Can the Notre-Dame fire freeze the ‘Yellow Vests’ uprising?

Yellow Vests in action. Central Paris. Photo by Norbu Gyachung on Unsplash

Can the fire that partially destroyed Notre-Dame act as a game changer in the French socio-political scene? Probably yes, but let’s see to the forces in motion, the national grief and the anger of the left behind. Luckily on the Seine river islet, in the heart of Paris, the eight hundred year monument still stands.

It’s the apex of the Gothic ecclesiastical architecture in Europe and has become a rock-solid reference for the entire European civilization. For the French people, despite their traditional resistance to religion, Notre-Dame acts as a symbol of their high spirituality and confirms the nation’s sense of being the European protagonists.

Notre-Dame is located in the Latin Quarter of Paris, named after the Latin speaking scholars who flocked there from all over Europe in the medieval times. In the modern era, the Latin Quarter attracted colossal literature figures like Ernest Hemingway and painters like Picasso, confirming the title of Paris as the ‘City of Light’.
Notre-Dame and the near neighborhood have been the solid base for the emergence of Paris as the avant garde of the western civilization from the medieval times onwards. The ‘Enlightenment’ of Europe took place just there.

What about today?

The special position of Notre-Dame in the French psyche, may then turn the latest martyrdom of the monument into a socio-political game changer. It may decisively touch on the country’s directions and even her position in Europe. President Emmanuel Macron sensed that right away.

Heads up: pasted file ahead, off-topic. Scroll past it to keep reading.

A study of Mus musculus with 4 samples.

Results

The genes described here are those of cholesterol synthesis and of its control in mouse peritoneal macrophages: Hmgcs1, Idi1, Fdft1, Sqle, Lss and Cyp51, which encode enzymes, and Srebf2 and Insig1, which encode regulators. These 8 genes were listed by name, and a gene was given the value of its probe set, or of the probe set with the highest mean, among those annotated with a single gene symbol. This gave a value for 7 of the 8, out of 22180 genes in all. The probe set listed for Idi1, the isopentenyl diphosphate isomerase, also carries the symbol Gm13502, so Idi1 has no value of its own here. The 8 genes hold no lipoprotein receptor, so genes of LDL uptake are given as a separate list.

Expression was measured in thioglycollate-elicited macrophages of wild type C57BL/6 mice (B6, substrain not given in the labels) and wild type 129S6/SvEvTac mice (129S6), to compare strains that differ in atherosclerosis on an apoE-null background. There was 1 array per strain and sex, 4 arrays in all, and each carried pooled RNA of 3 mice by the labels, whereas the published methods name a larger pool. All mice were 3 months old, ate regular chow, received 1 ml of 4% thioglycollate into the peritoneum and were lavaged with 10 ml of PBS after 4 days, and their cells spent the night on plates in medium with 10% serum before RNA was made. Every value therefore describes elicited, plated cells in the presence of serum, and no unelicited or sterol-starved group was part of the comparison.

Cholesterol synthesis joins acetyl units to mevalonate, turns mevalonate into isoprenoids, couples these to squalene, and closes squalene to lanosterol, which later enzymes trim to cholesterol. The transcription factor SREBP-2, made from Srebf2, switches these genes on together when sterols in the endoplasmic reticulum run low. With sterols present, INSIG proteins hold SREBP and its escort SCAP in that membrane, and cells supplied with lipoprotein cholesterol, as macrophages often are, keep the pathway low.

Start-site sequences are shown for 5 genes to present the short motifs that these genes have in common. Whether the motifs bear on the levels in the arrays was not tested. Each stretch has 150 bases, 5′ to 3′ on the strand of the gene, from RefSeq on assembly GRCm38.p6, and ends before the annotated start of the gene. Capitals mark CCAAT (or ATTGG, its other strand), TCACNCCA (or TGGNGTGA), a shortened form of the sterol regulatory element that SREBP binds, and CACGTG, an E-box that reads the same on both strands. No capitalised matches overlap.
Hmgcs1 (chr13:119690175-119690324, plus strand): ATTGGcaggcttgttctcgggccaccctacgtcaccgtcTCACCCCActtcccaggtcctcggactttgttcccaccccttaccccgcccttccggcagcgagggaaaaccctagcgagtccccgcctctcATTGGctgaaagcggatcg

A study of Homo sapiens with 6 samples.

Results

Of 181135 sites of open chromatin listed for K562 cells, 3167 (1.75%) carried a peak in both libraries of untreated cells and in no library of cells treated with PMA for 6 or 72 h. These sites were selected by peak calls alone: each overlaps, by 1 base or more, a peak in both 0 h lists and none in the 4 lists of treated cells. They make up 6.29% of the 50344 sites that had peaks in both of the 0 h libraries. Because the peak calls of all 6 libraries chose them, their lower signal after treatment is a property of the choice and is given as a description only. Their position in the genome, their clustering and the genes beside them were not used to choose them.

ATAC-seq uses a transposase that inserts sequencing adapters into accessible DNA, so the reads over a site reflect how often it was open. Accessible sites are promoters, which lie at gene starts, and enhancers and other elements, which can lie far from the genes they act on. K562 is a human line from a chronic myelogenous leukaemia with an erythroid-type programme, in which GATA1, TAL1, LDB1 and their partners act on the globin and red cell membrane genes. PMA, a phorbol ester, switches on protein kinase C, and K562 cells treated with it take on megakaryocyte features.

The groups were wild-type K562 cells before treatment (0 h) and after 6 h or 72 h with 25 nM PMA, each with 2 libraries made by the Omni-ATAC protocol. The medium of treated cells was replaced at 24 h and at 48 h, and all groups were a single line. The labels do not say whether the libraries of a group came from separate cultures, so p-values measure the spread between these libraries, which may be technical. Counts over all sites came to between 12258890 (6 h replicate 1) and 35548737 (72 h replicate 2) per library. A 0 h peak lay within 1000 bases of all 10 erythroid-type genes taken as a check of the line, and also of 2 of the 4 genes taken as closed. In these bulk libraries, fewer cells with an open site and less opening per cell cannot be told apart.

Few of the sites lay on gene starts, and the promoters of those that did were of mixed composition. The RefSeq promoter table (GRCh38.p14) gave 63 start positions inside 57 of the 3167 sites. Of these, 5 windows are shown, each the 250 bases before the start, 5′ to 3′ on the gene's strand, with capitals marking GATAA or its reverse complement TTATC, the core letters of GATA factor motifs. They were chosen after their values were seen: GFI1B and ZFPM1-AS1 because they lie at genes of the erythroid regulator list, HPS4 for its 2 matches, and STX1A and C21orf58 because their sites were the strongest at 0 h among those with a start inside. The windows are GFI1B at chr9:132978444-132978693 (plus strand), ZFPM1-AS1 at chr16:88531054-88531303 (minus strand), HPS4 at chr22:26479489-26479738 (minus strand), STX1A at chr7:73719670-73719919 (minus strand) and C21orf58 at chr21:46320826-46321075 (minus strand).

In his address to the nation after the fire he avoided his usual references about reuniting the European Union. It was France and Notre-Dame all the way. Macron’s skillful handling of the whole affair catapulted his popularity to levels prior to last November, when the ‘Yellow Vests’ movement erupted. The same polls gave a 54% response against the movement which ‘must now be put on hold’ as worded in the poll.

It wasn’t though. Last Saturday, in the major French cities some 10,000 protesters continued their rallies for the 24th weekend. The government mobilized 60,000 police to confront them. More than one hundred citizens were arrested and grave injuries were reported. To be reminded, the ‘Yellow Vests’ movement started in the suburbs of the major cities, after an increase of taxes on fuel. It developed into the regular Saturdays’ nationwide protests, but lately has lost its initial vigor.

Macron’s chance

By a telling coincidence, Macron was supposed to deliver a speech to the nation with more concessions for the poorer households, just when the Notre-Dame fire erupted. Some weeks ago, he withdrew the tax increases on fuel. According to press reports, this Thursday, Macron is expected to address the nation once more, announcing more measures in favor of the less privileged.

Last Saturday, though, protesters held banners saying “Millions for Notre-Dame, what about for us, the poor?” This was in reference to the avalanche of donations to the tune of €1 billion from some immensely rich French to rebuild Notre–Dame.

Tax reductions

It remains to be seen, then, if some more tax concessions for the less privileged will allow Macron to continue with his neo-liberal economic reforms. This program has met nationwide opposition which was triggered last November by the ‘Yellow Vests’ movement, engulfing at the time around 60% of the population.

The concessions that Macron now plans to announce are tailored to confront and possibly overturn exactly the socio-political situation that the ‘Yellow Vests’ movement has created. His tacit handling of the Notre-Dame catastrophe may help him in this direction.

In times of national catastrophes societies tend to support the government. At the moment Macron counts on that.